The Shooting Zone: How to Optimize Your Air Hockey Offense For Maximize Scoring
Let’s start with the basics. Do you know what those different lines on an air hockey table are called? They are meant to resemble a hockey field. The two horizontal planes make it easy to mark the goals. Players use these markings to decide how to play the offense and where to hit the puck so that it ends up in the opponent’s goal. There is a centerline to mark how far you can reach on the table because you are not allowed to reach over to the opponent’s side of the table. Now, the shooting zone is a semicircle with the centerline as its base. This is on your side of the table and remember that it is not marked. This place has the highest percentage to score from so learning how to drift your puck to this zone and then taking your shot will elevate your game play to a master level. If you observe any competitive or professional players you will notice them making different shots from the shooting zone. Air Hockey has a lot to do with angles and physics as you play on a nearly frictionless surface due to the air being flown through the table and a lot of the shots require hitting the puck at a certain angle on the edge of the table.
How exactly is physics involved?
It’s simple. The shooting zone is located closest to the opponent’s goal from your side of the table. The shorter the distance the less time needed for the puck to reach the goal. This ensures that your opponent has less time to react to your shot. Air hockey is all about speed and reflexes so even a split second difference matters. If they cannot see your shot coming from a mile away, figuratively speaking, then they will not have the time to plan the best defense to block the goal.
But that is not all. As I mentioned before angles are important in air hockey. So what does geometry have to do with it? Your attack will be more accurate because the puck has less distance to travel in order to score. It is just like the old saying goes, "Aim small, miss small." If you are aiming for a target that is further away then your accuracy will decrease and when you pair that with the increased time for your opponent to respond, it significantly reduces your chances of securing a goal.
Should Every Shot be Taken From the Zone?
Like we said a lot of the shots will be taken from the shooting zone but that does not mean that you need to get your puck into the shooting zone or you will not be able to score. The highest chance of scoring successfully will be if you shoot from there but that does not-and perhaps, should not- be the only trick up your sleeve. If your opponent knows you will always shoot from the shooting zone they will be somewhat more prepared. A good rule of thumb is you should be taking about 90% of your shots from the shooting zone and the remaining 10% should be from outside it. This will keep your opponent unsure of what you are going to hit them with next and that element of surprise can help you win. The 10% that you shoot from outside the zone should be like a trick shot or something similar to keep your opponent on their toes. Air hockey has a physical element, of course, but it is also a significantly mentally challenging game too if you play competitively. Repeating the same moves over and over will not get you success every time.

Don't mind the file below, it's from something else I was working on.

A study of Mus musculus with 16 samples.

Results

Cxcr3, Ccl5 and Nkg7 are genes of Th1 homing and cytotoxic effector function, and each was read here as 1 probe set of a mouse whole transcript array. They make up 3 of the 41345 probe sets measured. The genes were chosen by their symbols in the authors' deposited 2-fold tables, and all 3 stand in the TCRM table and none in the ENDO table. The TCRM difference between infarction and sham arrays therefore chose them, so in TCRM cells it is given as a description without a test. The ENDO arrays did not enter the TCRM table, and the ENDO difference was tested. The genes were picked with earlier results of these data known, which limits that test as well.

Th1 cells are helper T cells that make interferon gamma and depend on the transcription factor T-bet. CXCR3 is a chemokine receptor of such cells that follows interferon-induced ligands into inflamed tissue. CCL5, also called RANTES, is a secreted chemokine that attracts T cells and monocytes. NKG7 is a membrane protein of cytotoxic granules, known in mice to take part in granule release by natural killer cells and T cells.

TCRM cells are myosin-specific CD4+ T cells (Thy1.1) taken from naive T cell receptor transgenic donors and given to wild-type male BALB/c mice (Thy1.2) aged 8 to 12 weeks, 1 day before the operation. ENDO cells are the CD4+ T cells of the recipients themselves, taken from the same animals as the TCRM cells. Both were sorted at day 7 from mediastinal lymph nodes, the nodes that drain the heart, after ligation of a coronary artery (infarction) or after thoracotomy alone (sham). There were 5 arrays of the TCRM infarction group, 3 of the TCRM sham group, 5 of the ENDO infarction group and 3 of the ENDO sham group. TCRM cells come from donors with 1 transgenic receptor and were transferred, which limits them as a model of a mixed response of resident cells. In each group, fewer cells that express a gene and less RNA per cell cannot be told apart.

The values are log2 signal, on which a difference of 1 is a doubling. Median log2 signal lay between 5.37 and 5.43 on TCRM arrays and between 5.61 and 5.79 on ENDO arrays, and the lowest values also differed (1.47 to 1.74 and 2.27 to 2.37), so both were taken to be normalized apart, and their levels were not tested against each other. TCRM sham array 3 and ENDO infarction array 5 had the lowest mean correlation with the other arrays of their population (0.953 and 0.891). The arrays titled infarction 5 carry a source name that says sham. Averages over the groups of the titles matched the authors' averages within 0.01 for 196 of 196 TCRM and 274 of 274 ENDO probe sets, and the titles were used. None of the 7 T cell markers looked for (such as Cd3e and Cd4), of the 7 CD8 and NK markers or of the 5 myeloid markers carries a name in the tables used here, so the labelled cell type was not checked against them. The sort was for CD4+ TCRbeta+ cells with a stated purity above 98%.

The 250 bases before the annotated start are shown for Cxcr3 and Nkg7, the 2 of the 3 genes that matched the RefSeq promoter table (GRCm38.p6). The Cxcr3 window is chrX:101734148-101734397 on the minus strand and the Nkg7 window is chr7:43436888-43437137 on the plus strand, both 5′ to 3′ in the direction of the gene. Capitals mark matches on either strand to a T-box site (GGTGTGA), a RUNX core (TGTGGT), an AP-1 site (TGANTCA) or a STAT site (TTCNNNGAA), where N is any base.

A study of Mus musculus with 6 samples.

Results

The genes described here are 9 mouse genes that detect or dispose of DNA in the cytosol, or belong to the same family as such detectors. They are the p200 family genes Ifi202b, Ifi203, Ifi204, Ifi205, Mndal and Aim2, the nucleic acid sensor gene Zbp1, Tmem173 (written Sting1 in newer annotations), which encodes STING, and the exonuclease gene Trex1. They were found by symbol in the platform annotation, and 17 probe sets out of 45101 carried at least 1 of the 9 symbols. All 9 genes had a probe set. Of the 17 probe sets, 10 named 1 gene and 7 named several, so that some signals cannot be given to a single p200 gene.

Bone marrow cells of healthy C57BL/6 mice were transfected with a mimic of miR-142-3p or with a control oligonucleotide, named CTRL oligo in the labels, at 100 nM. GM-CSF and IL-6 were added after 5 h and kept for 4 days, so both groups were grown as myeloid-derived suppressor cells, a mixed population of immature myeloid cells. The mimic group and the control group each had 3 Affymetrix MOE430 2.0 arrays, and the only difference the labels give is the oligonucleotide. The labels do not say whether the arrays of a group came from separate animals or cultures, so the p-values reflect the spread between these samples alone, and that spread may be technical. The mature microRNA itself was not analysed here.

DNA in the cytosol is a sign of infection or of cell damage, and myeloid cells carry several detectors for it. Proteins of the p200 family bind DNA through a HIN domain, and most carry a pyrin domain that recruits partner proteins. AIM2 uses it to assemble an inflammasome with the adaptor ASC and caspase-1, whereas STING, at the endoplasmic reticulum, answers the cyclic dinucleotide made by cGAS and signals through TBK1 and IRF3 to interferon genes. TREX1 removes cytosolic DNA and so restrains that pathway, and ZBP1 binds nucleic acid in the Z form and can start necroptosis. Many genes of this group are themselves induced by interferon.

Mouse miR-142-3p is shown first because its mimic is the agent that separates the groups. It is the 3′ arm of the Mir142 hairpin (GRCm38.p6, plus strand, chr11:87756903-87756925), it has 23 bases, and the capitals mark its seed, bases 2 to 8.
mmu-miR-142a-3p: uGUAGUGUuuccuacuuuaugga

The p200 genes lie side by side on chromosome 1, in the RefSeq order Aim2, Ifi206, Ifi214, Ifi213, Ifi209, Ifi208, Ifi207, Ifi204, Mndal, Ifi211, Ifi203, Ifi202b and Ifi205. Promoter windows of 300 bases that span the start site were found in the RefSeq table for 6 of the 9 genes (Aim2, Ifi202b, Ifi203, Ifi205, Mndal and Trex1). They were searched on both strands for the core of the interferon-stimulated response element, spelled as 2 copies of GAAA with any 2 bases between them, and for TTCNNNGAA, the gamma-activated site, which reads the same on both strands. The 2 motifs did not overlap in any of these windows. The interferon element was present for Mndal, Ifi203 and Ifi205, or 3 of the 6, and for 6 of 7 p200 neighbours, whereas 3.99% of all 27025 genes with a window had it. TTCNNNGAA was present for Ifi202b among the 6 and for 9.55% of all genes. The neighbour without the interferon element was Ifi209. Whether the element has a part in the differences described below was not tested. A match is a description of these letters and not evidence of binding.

Remember that your challenger can easily block straight shots from the zone if they also move forward to cut off your angle on their goal. If you start to notice this you can change up your selection with a shot from inside or outside the zone to use that element of surprise. A good offense to trick your opponent is to learn drifting. Air hockey drifting is when you gently push the puck with your mallet and when it is moving slowly you take your shot. Once you drift a puck your opponent will get the impression that you are planning to send the puck in one direction and get ready to block it but with a drift you can change the direction so that your opponent does not have time to recalibrate and block the puck. There are different kinds of drifts: the circle drift, the basic drift, and the L-drift. These require quite a bit of practice to get right but combine a drift with shooting from the shooting zone and you maximize your chances of scoring.